We spotted a visualization published by MarketingCharts.com recently that is striking. They surveyed more than 200 marketers at major North American brands and asked, “if you had extra marketing budget, where would you invest it first?” They found that the leading response (more than double the next response) was to spend extra marketing budget on data analytics technology.
While this may come as a surprise to some, this conforms with what we are hearing from progressive marketing teams in the association and non-profit market. Business these days starts (and ends) with data. Most marketers will tell you they have enough (or too much) data and adding another system that is going to generate even more data is not going to help them. In fact, more data may just blur their vision of what they believe to be true and their path forward.
Instead, they want better means to organize and blend data together so they can eliminate the data silos that are preventing them from really knowing their members’ preferences and trends within segments of their membership. They want to be able to effectively segment their data, inspect data trends over time (something that can be achieved with data snapshotting), and identify insights in the data that can point to further action.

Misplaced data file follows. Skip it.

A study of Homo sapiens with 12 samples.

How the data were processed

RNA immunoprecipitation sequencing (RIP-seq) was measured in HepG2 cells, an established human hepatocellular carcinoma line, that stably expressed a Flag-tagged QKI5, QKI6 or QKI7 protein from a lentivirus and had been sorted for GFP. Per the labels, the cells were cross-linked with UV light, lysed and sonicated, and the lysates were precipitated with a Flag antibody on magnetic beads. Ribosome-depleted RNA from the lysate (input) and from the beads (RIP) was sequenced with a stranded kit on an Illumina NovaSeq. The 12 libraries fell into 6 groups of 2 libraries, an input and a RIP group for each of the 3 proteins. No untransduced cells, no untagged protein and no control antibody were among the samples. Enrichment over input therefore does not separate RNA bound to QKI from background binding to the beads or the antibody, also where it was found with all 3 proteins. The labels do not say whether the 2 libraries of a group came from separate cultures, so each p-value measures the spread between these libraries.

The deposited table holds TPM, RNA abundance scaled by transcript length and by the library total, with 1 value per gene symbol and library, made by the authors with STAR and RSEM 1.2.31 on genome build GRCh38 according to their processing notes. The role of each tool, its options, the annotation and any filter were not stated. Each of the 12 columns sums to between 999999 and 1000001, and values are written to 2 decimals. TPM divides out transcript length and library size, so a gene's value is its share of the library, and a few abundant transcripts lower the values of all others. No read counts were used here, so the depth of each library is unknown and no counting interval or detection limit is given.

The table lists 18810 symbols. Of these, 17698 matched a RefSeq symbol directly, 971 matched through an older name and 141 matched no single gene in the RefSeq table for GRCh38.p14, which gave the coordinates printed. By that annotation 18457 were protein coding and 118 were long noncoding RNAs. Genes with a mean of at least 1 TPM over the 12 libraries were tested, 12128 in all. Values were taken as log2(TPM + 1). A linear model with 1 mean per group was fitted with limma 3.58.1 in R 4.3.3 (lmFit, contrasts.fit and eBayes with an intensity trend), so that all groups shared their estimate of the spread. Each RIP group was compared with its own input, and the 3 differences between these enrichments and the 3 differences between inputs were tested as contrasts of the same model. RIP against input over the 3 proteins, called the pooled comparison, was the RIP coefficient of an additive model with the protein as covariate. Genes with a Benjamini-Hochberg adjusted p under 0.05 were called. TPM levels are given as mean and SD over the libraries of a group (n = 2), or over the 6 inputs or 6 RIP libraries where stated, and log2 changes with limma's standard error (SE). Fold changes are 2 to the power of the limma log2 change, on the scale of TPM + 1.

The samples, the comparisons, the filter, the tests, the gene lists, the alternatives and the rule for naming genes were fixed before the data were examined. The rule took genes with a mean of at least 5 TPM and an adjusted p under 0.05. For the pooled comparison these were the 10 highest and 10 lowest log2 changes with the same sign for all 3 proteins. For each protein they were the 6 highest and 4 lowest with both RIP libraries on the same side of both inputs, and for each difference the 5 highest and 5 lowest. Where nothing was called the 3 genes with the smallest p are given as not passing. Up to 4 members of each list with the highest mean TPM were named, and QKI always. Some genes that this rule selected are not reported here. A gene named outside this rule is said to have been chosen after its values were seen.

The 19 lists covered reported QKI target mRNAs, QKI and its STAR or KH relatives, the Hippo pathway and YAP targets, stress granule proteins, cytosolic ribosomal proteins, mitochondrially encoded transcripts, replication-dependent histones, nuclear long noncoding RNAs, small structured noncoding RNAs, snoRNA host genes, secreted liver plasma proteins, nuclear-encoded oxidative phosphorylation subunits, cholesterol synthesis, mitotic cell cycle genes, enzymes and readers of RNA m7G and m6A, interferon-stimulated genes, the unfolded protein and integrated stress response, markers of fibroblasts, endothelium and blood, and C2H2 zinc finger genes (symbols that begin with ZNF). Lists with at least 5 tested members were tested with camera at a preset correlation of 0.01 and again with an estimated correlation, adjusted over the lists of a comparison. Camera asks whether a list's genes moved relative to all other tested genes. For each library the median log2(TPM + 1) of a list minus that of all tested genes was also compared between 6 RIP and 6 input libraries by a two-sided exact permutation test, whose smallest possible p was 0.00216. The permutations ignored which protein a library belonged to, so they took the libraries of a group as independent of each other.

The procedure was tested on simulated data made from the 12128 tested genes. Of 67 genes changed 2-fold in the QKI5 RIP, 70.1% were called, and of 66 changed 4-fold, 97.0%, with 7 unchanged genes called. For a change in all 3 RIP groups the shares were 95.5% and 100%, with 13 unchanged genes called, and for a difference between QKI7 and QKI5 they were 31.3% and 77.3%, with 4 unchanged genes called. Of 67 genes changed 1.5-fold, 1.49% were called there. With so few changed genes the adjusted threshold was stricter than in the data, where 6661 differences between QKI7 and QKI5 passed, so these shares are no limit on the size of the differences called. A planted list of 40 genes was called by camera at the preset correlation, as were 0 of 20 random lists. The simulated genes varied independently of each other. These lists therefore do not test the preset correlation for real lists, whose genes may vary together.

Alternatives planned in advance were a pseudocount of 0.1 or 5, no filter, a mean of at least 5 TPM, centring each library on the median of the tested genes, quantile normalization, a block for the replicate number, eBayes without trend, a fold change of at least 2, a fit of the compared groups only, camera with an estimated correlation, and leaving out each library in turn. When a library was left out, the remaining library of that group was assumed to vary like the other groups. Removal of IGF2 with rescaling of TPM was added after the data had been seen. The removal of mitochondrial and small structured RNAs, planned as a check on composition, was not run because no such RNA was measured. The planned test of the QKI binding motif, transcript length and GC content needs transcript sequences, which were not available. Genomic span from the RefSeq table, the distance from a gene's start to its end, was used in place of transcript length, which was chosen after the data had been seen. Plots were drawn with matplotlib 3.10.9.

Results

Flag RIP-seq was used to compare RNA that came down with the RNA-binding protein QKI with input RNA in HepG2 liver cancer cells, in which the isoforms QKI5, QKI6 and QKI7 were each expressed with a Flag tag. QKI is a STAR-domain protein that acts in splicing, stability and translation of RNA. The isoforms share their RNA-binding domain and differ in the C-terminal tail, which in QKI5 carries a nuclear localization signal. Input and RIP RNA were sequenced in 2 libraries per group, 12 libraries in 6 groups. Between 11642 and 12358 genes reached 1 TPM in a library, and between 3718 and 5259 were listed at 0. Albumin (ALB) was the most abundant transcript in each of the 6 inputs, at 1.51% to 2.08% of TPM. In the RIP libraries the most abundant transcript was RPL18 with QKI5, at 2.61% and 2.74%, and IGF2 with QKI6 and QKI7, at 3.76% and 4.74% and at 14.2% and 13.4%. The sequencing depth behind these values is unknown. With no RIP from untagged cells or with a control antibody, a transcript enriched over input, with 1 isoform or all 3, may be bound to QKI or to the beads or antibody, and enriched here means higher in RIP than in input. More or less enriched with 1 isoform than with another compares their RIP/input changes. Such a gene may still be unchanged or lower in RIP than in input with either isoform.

For example, we have a client who was having trouble renewing new members who were members of the association for less than four years. By being able to analyze blended data from their association management system (in particular – member tenure), posts in their private social community about what these new members were talking about, and reviewing the open/click trends of email content, the association was able to deduce what topics captivated this group of new members.
Marketers believe that by analyzing their data and performance, they can actually improve the performance of the marketing initiatives they have in place – Ad words, paid media, email, etc. Returning to the previous example, if an association has better insight into its data, it could more effectively target all their marketing initiatives - potentially lowering the cost and presumably improving the results.
From a marketer’s perspective, another marketing initiative or tool is great, but better insight into their data is divine.